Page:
U.S. wheat futures are expected to start mixed Wednesday as spillover pressure from a setback in the corn market weighs on prices.
Traders predict soft red winter wheat for September delivery, the most actively traded contract, will open down 2 cents to 3 cents a bushel at the Chicago Board of Trade. In overnight electronic trading, the contract lost 1 1/2 cents, or 0.2%, to $6.92 1/2 a bushel.
Wheat prices are taking their direction from corn because both grains are used for livestock feed. Supply and demand factors are largely known for wheat, inhibiting the market from trading independently from corn, traders said.
"Wheat has little news to digest," said Duane Lowry, analyst for Early Market News, an agricultural advisory firm.
Corn prices are expected to retreat in early dealings, dragging down wheat, as weather has improved for the U.S. corn crop. Strength in the U.S. dollar should add pressure to the markets, as it makes U.S. grains less attractive to foreign buyers, traders said.
Wheat traders are concerned about foreign demand as the U.S. faces increased competition for export business from Russia. Syria's state grains buyer has purchased 127,000 metric tons of milling wheat from Russia and Romania in a tender and none from the U.S., traders said Wednesday. Egypt, often the world's top wheat importer, on Tuesday bought 120,000 tons of Russian wheat, snubbing the U.S.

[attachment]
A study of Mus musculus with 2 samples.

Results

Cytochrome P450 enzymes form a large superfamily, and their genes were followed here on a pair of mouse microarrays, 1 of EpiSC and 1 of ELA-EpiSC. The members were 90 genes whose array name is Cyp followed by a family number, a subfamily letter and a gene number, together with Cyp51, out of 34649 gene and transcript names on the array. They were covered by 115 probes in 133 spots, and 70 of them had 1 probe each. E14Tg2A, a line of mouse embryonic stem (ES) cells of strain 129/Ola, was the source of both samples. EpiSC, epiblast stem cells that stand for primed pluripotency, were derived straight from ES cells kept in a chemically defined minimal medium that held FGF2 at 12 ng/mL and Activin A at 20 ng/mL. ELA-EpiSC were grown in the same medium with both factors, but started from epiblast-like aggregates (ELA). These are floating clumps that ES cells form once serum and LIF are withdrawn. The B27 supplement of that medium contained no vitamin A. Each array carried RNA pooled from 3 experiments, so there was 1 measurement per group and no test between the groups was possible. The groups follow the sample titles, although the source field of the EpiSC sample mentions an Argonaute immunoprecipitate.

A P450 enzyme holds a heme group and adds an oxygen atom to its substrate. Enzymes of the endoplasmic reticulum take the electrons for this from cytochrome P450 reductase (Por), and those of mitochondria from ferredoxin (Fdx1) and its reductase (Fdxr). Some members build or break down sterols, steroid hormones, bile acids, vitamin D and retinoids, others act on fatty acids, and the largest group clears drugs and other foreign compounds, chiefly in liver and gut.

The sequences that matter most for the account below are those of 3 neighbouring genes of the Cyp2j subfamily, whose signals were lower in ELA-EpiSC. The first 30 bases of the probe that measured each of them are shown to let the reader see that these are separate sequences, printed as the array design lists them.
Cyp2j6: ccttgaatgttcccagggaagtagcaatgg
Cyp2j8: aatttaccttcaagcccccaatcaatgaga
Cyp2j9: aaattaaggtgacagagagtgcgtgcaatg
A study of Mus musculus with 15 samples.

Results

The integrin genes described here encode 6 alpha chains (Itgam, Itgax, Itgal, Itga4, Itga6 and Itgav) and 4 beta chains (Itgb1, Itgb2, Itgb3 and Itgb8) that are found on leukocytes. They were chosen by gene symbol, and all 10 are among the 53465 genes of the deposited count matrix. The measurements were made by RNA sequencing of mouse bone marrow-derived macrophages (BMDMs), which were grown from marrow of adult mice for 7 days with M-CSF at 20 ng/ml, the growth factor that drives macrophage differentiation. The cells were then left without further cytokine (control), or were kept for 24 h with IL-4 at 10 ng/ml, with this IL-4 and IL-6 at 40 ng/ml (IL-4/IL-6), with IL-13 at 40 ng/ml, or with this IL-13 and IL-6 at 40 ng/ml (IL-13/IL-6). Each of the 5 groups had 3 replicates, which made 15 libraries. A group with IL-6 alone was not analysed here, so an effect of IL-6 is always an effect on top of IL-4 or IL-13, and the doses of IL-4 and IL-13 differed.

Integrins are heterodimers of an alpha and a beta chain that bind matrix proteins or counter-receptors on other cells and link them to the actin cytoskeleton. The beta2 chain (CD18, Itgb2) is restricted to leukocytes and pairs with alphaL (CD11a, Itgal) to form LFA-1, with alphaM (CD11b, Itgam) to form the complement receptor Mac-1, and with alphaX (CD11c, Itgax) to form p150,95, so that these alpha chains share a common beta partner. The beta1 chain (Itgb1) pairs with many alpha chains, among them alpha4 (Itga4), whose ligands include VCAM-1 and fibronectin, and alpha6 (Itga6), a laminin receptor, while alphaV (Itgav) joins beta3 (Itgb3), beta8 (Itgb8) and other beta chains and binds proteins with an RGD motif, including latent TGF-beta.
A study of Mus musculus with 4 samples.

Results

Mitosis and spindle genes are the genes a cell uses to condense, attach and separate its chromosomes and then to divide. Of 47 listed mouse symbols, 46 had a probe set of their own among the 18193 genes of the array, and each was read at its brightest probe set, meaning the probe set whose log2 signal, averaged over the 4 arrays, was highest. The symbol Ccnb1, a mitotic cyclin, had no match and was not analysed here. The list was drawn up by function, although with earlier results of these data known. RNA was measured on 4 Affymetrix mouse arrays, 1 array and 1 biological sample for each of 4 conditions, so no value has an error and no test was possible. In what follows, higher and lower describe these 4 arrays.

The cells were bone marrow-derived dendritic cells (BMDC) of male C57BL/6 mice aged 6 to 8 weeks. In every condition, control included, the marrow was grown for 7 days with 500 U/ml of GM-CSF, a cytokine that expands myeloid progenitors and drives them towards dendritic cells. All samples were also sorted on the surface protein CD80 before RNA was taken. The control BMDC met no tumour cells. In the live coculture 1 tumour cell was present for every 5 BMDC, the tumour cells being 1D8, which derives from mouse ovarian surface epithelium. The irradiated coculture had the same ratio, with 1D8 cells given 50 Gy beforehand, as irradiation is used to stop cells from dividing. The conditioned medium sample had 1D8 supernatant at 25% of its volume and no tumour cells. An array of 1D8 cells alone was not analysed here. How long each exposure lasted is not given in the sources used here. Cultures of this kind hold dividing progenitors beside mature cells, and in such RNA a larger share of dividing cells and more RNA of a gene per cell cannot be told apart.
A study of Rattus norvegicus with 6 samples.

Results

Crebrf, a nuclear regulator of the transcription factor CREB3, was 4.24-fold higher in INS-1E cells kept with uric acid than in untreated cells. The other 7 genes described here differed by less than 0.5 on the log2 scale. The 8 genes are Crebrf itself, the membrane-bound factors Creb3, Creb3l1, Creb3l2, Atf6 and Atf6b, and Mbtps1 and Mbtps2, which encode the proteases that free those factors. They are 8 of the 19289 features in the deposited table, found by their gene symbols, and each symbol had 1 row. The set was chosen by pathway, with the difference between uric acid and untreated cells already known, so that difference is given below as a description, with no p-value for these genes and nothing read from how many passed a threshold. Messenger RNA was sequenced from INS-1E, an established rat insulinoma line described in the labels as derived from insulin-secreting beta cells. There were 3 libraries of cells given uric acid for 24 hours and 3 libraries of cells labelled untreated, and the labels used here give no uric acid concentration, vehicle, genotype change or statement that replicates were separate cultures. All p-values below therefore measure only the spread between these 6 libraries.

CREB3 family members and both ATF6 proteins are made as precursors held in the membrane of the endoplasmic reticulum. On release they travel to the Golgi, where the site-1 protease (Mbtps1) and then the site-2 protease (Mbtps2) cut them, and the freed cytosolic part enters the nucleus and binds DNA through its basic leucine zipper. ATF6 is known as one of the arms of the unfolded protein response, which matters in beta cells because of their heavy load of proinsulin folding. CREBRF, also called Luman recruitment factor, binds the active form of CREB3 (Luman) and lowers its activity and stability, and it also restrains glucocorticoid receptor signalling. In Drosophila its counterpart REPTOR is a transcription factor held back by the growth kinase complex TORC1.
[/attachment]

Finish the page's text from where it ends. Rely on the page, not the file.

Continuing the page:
Competition with Russia has increased since the government resumed grain exports this month after banning them for nearly a year following a devastating drought. Russia is known for selling low-cost wheat on the world market and undercutting prices from the U.S.
In other news, the annual hard red spring wheat tour in North Dakota starts its second day of field surveys Wednesday. The tour's first day resulted in an average yield estimate of 39.5 bushels per acre for spring wheat, compared with 43.1 bushels per acre after the first day of surveys a year ago.